Evening Edition

Above: Liam Dillon, a reporter for Voice of San Diego, reviews the week's election news.

Aired 9/7/12 on KPBS Midday Edition.

GUESTS

Liam Dillon, Voice of San Diego

Dave Maass, San Diego CityBeat

John Wilkens, U-T San Diego

Transcript

San Diego Hate Groups

Southern Poverty Law Center, 2012 Identifications

Aryan Nations 88 (Poway)

National Socialist Movement

American Third Position

Crew 38

Nation of Islam

United States Justice Foundation (Ramona)

Inconvenient History

As-Sabiqun (San Diego)

Christian Anti-Defamation Commission (Vista)

Defend Students (Vista)

Jewish Defense League

We Are Change

We The People

Mayoral Candidates Shift Positions, Tactics: Another day, another mayoral debate. Wednesday’s was about making San Diego a more creative and innovative city.

City Councilman Carl DeMaio, who is for innovation, said fiscal soundness will allow the city to make gains in innovation and creativity.

Congressman Bob Filner, who is also for innovation, said he will focus on making San Diego an aqua economy--green and blue, because of local research based on the ocean.

Wednesday’s debate was somewhat more muted than other recent debates. The new relative calm may reflect how the candidates have changed since the June primary. Among the changes for DeMaio: after saying San Diego's mayor has little to do with education, education is now part of his platform. DeMaio now accepts purifying sewage, and he's become interested in border development. He has also warmed up to downtown business leaders.

Filner has done a 180 on Proposition B, which he now says is the will of the voters. He has softened his tone on both the Balboa Park Plaza de Panama project and the Convention Center financing plan.

At this point there are 60 days and about 20 debates to go until the election.

Hate Groups In San Diego: California’s attorney general announced this week that reported hate crimes in the state had decreased 4 percent, from 1,107 to 1,060.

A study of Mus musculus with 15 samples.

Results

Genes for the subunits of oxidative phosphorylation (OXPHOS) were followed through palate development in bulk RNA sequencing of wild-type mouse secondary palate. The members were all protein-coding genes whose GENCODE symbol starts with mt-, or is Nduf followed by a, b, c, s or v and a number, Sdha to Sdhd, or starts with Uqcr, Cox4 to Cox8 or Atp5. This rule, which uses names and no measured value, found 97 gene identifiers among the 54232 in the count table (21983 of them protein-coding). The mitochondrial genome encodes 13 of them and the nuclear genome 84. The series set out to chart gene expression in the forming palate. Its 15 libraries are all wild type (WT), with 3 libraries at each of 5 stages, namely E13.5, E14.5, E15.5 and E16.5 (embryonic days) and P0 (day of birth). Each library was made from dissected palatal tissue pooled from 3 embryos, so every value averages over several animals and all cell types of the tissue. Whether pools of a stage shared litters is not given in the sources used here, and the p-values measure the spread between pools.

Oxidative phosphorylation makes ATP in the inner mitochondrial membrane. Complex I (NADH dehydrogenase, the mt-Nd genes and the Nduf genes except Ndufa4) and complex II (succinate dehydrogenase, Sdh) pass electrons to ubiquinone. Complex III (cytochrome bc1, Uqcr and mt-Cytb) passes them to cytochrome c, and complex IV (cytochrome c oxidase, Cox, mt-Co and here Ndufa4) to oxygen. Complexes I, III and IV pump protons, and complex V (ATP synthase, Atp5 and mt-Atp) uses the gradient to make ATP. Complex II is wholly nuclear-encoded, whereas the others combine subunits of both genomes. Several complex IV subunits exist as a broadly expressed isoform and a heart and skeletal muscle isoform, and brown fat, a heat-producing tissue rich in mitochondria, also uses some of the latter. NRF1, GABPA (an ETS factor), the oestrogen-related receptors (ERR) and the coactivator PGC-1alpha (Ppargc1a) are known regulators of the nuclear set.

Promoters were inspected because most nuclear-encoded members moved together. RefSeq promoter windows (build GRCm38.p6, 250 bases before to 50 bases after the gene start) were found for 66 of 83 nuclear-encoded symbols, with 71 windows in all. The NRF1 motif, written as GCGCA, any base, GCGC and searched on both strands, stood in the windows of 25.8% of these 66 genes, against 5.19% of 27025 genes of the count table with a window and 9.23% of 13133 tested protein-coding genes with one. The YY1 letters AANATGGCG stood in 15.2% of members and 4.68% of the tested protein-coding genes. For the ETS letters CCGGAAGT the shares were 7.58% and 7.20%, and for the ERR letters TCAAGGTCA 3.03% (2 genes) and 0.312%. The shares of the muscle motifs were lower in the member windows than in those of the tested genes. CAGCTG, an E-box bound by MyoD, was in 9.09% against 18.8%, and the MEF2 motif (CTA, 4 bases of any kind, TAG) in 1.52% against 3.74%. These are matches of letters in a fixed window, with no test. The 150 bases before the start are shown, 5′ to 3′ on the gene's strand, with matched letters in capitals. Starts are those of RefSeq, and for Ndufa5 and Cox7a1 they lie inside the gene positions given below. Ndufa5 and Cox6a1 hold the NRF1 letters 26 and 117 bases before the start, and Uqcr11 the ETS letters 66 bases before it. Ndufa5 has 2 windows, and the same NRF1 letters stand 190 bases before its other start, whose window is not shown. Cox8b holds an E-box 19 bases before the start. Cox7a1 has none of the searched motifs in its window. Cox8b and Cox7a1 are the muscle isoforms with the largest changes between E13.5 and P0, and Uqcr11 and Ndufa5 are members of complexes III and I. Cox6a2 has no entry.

The most common types of hate crimes in California are those based on race, ethnicity and national origin. Anti-black crimes accounted for 29.5 percent of the total. Hate crimes against Latinos decreased by 43.6 percent.

Racist groups continue to carve out a foothold in San Diego County. In July, a “Summer of Hate” concert of skinhead bands was organized by the Hammerskin Nation, a nationwide skinhead group, in El Cajon. Wade Michael Page, a member of Hammerskin Nation, killed six people in a Sikh temple in Wisconsin the same month.

Other neo-Nazi groups are sprinkled throughout the county, and several are regarded by The Southern Poverty Law Center as dangerous.

Evening Edition

Above: Dave Maass, a reporter for San Diego CityBeat, talks about a report on hate groups in San Diego County.

Crowdsourcing Disaster Aid: When a UC student and his friend were late coming back from a climb in the Andes, Tomnod, a company in San Diego, used a satellite photo of the mountain to tell rescuers where to look.

Tomnod, a company started by four engineering PhDs from UC San Diego, divided the photo into smaller parts and posted it on the internet. Within hours, dozens of people had identified areas worth investigating, one of which turned out to be the place where the climbers had fallen 1,000 feet to their deaths.

Looking at all the images takes a lot of time, which is where crowd-sourcing comes in. The next time someone disappears, they hope to be fast enough to make a difference.

The company began with a project in collaboration with National Geographic to search for the tomb of Genghis Kahn, which they may have found. Religious issues have kept the Mongolian government from opening it so far.